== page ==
Some Australian universities may end up in the red over the loss of Chinese students. Photo: Wendell Teodoro/Light Up for Inclusion/AFP

The coronavirus outbreak could deliver a painful multi-billion-dollar hit to Australian universities, as high-paying Chinese students are forced to defer their studies, economists warned Thursday.

Top universities stand to lose about US$2 billion in fees alone, according to preliminary estimates from analysts at Standard & Poor’s.

Under open-ended travel restrictions imposed by the government in a bid to prevent the spread of the coronavirus, non-Australian citizens or permanent residents who have been in China since February 1 are not allowed into Australia.

The virus’s outbreak came in between Australia’s academic years – which begin in February – and as many of the country’s roughly 165,000 Chinese university students had returned home for the Lunar New Year.

“Our calculation is one of higher-education fee revenues only, and excludes the broader economic contribution from students to accommodation, tourism and domestic consumption of goods and services,” S&P said in a report.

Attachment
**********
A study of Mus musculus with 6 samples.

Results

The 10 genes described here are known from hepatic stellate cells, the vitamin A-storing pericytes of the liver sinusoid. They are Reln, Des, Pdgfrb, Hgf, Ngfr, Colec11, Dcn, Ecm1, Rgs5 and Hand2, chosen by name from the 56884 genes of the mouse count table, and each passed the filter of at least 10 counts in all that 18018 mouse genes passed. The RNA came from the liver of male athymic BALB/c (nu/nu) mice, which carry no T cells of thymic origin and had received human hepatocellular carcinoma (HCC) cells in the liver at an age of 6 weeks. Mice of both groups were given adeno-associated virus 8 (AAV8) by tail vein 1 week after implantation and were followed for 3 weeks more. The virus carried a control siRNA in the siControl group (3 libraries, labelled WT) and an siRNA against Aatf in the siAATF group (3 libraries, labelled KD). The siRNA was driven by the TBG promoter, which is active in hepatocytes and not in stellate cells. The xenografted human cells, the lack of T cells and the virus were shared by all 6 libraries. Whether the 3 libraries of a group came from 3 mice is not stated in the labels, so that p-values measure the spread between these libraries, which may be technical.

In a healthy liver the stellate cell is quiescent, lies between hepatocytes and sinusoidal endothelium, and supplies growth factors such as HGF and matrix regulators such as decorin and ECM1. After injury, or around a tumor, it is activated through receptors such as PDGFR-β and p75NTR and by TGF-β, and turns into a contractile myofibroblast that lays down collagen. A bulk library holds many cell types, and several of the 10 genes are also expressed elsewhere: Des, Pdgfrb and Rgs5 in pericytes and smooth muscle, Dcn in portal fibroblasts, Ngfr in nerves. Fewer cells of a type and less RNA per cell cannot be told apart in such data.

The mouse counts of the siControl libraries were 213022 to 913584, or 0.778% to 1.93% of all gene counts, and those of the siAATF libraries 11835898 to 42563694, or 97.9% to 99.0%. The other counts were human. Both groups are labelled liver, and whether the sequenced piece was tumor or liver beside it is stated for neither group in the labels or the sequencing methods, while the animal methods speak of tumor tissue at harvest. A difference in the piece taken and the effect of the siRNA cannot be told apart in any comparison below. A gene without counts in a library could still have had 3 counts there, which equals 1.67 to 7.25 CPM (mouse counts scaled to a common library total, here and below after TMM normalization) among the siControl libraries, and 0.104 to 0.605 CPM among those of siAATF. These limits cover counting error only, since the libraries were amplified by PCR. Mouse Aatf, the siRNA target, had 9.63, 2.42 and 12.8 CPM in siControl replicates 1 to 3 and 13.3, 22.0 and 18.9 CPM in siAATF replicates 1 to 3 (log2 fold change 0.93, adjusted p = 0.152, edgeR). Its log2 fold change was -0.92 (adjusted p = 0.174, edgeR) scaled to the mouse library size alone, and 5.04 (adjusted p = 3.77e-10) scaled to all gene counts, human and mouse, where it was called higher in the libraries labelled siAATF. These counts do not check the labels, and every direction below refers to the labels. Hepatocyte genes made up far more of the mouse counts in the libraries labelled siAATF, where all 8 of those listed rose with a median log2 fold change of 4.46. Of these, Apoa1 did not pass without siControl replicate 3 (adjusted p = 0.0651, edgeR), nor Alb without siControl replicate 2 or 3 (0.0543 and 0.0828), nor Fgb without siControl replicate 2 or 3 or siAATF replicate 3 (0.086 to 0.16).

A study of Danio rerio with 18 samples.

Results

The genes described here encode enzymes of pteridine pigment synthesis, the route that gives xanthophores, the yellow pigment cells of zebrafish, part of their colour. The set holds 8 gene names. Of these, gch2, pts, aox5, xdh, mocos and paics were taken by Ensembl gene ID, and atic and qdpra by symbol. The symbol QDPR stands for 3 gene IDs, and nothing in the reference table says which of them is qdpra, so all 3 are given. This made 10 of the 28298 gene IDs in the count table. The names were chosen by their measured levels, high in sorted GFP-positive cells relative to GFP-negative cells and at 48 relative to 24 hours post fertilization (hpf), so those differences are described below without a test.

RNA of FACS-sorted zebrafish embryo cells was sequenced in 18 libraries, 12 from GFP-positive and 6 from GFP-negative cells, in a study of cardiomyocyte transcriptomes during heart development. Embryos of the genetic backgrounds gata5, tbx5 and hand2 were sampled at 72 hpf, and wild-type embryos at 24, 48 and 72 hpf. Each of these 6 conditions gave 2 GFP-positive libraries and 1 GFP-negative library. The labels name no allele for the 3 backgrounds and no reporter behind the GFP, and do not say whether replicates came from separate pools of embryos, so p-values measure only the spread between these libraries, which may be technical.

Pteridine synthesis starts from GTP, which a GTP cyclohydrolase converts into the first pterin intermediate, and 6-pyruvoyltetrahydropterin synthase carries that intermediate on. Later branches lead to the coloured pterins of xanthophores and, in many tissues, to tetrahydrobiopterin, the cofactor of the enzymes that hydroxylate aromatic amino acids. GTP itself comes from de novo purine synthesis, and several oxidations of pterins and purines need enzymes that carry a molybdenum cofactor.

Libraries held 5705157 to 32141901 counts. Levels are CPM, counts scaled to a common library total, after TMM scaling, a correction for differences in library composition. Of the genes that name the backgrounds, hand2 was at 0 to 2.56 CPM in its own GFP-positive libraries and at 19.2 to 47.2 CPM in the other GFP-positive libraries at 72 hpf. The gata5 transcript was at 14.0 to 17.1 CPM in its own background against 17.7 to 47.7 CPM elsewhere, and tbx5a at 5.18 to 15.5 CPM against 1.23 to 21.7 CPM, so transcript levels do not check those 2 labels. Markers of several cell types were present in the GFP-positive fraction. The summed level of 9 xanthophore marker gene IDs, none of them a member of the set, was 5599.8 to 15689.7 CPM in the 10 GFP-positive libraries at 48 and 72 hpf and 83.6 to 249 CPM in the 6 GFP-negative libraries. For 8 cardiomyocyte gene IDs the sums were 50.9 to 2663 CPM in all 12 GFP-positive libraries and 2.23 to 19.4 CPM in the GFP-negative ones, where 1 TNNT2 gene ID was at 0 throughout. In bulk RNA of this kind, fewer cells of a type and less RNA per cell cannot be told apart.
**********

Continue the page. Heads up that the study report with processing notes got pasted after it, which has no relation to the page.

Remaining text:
Foreign students are a vital income stream for Australian universities and one that has grown exponentially in recent years. Australia is now one of the top three destinations for foreign students worldwide.

Student representatives said many of those students have not been able to return in time to start this semester and fear missing the whole year because of the way courses are constructed.

Universities have offered to defer placements and reimburse tuition fees, but many are also trying to buy time.

The University of Sydney has extended the last date students have to be on campus to March 30 – more than a month after classes were due to begin – and is trying to arrange for remote teaching.

Australia’s top universities are expected to be disproportionately hit, but they should be able to absorb the blow, at least temporarily.

“We believe they have some buffer in free cash, leverage and operating margin ratios to absorb a temporary shock to revenues,” S&P said.